On Friday October 16th, Black & Pink hosted a big celebration at Hibernian Hall in Boston. Formerly incarcerated Black & Pink members from around the country joined free-world Black & Pink chapter members and other free-world supporters. We wish that you were all able to be there with us, and have recommitted to working toward that day! The event marked ten years of our open family working together toward collective liberation and abolition of the prison industrial complex.

We feasted on food prepared by formerly incarcerated caterers. We were entertained by our emcee, Black & Pink member Sasha Taylor from San Antonio, a vogue performance by queer youth of color, and a group sing-a-long to “Seasons of Love” from the musical Rent. We heard from former political prisoner Ashanti Allston who reminded us of the legacy of Kuwasi Balagoon, and a poem by Boston member Lana. CeCe McDonald electrified the crowed as she spoke about the pressing needs of trans women of color and what’s wrong with the concept of “allies.” Months ago, many of you voted on who should receive awards for their important work in support of LGBTQ prisoners; the award winners received their awards.

Founder and national director Jason Lydon released “Coming Out of Concrete Closets: A Report on Black & Pink’s National LGBTQ Prisoner Survey” and rallied the crowd to fundraise thousands of dollars to support our ongoing organizing efforts. He was surprised by friends and family with a thoughtful “thank you” gift for a decade of dedicated volunteer organizing. We closed the night with a dance party. In December, the Survey Report will be printed and we will be seeking feedback to incorporate into the next version!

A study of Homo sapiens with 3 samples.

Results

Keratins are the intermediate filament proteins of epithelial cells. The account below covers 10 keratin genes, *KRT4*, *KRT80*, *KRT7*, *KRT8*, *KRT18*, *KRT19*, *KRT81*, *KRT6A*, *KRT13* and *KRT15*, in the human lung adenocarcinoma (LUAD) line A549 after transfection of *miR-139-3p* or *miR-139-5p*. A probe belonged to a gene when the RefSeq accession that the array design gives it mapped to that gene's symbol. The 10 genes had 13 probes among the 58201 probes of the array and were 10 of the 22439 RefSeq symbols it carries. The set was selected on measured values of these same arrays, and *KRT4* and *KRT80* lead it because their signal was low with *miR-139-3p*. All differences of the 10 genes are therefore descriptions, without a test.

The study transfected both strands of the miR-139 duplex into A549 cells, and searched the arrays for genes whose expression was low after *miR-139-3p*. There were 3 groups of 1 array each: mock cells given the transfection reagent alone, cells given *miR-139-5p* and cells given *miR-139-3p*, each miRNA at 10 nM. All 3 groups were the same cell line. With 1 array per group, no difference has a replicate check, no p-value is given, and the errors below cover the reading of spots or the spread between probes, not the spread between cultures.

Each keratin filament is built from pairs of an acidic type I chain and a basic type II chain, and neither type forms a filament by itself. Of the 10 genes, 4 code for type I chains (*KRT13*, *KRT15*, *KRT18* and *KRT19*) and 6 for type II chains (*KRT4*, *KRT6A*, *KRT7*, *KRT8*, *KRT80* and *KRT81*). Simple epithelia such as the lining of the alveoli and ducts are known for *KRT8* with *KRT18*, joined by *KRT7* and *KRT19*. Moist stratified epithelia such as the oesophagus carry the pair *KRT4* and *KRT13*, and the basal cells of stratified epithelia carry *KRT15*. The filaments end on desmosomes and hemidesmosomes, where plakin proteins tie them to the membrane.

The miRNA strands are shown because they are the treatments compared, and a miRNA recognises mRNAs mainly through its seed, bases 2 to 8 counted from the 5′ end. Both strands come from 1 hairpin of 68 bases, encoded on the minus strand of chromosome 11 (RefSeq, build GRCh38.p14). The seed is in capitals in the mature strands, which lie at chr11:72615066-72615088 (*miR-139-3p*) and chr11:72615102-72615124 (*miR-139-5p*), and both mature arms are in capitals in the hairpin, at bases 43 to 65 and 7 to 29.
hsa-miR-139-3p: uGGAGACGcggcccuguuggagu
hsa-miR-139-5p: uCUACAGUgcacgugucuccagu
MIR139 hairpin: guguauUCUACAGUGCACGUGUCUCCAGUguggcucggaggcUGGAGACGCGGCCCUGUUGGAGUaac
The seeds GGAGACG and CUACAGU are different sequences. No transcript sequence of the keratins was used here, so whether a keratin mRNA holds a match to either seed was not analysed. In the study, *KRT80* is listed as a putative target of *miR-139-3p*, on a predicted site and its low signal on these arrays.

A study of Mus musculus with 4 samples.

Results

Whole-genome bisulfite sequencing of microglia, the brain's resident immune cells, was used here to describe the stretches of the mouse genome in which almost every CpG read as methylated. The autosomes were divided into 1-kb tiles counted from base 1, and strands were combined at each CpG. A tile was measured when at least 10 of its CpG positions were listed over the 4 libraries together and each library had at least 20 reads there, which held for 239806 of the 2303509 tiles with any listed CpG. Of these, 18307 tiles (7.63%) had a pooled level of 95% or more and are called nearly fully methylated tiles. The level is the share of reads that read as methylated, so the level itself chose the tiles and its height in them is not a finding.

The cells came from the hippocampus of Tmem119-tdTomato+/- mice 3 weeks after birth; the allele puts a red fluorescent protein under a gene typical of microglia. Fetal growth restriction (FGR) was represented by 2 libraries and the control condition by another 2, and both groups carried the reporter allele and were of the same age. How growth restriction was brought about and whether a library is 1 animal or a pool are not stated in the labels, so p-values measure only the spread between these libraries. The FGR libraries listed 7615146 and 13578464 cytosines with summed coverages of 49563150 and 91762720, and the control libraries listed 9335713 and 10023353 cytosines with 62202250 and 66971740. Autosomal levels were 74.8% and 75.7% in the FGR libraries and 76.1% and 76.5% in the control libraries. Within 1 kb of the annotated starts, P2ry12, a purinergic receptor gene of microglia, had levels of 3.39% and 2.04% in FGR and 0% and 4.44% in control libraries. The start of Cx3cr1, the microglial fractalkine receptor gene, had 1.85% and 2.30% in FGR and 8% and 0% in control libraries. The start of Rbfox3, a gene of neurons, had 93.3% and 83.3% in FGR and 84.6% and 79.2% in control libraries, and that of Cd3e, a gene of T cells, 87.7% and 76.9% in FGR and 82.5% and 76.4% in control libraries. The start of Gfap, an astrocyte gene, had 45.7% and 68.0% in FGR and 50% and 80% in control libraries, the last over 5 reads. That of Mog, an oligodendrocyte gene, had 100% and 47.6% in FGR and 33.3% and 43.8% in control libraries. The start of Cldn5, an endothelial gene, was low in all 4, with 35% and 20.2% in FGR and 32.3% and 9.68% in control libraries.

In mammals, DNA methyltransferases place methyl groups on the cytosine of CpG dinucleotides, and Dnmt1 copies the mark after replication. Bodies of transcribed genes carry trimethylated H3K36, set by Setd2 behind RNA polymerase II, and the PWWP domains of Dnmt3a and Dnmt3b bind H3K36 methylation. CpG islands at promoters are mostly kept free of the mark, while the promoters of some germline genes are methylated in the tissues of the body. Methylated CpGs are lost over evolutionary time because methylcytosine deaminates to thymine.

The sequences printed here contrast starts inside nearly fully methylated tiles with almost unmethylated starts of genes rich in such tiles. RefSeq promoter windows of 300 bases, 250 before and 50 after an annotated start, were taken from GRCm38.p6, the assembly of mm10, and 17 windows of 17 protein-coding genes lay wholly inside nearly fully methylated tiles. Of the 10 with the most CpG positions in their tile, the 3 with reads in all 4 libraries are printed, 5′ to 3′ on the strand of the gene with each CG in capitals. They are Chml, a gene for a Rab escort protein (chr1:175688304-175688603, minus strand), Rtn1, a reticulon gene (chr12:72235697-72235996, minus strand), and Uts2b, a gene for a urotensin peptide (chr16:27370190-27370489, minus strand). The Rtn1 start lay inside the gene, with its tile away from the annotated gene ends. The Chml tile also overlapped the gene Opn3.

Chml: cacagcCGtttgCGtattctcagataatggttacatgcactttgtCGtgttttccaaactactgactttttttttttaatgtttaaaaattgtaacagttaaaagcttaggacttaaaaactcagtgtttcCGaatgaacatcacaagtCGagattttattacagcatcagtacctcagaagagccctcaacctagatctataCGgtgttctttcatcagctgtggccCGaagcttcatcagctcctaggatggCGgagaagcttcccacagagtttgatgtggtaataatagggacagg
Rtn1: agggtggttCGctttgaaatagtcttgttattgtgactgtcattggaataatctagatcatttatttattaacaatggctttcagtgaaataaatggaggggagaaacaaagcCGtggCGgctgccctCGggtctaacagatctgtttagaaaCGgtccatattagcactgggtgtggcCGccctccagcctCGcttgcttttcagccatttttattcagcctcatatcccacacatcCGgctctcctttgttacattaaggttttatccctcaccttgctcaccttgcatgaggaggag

On Saturday and Sunday, formerly incarcerated LGBTQ folks and Black & Pink chapter members came together for workshops, sharing stories, watching documentaries, and visioning. Workshops on Saturday included “HIV Criminalization”, “What is prison abolition?”, “Navigating the courts”, “Know your rights dealing with the police”, “How to do advocacy with prisoners”, and “Community organizing”. There was time to share stories, get to know each other, and space for yoga and healing arts like massage.

On Saturday evening, we heard from Ashley Diamond, recently released from a Georgia prison after a big fight over access to healthcare needs and repeated sexual assaults. We saw the videos she made of herself and her comrades inside attesting to the terrifying conditions, and Ashley joined on video chat to talk and sing with the group. Then we watched “Out In The Night”, a really remarkable film about the New Jersey 4—in short, four Black women who were targeted and imprisoned for defending themselves from a homophobic attack. They’re in the struggle and it was amazing to see three of them and the film’s director in person.

On Sunday, we gathered together at a union hall and strategized as a big group together about what’s next for Black and Pink. Transitions in leadership, expanding capacity, and sustaining the work without leaning on grant funding that tries to direct our priorities, which will always be directed by people on the inside and formerly incarcerated people. We discussed the way things get done at Black & Pink currently — who makes what decisions and does what work, where our money is from and how it is spent, what programs are our focus.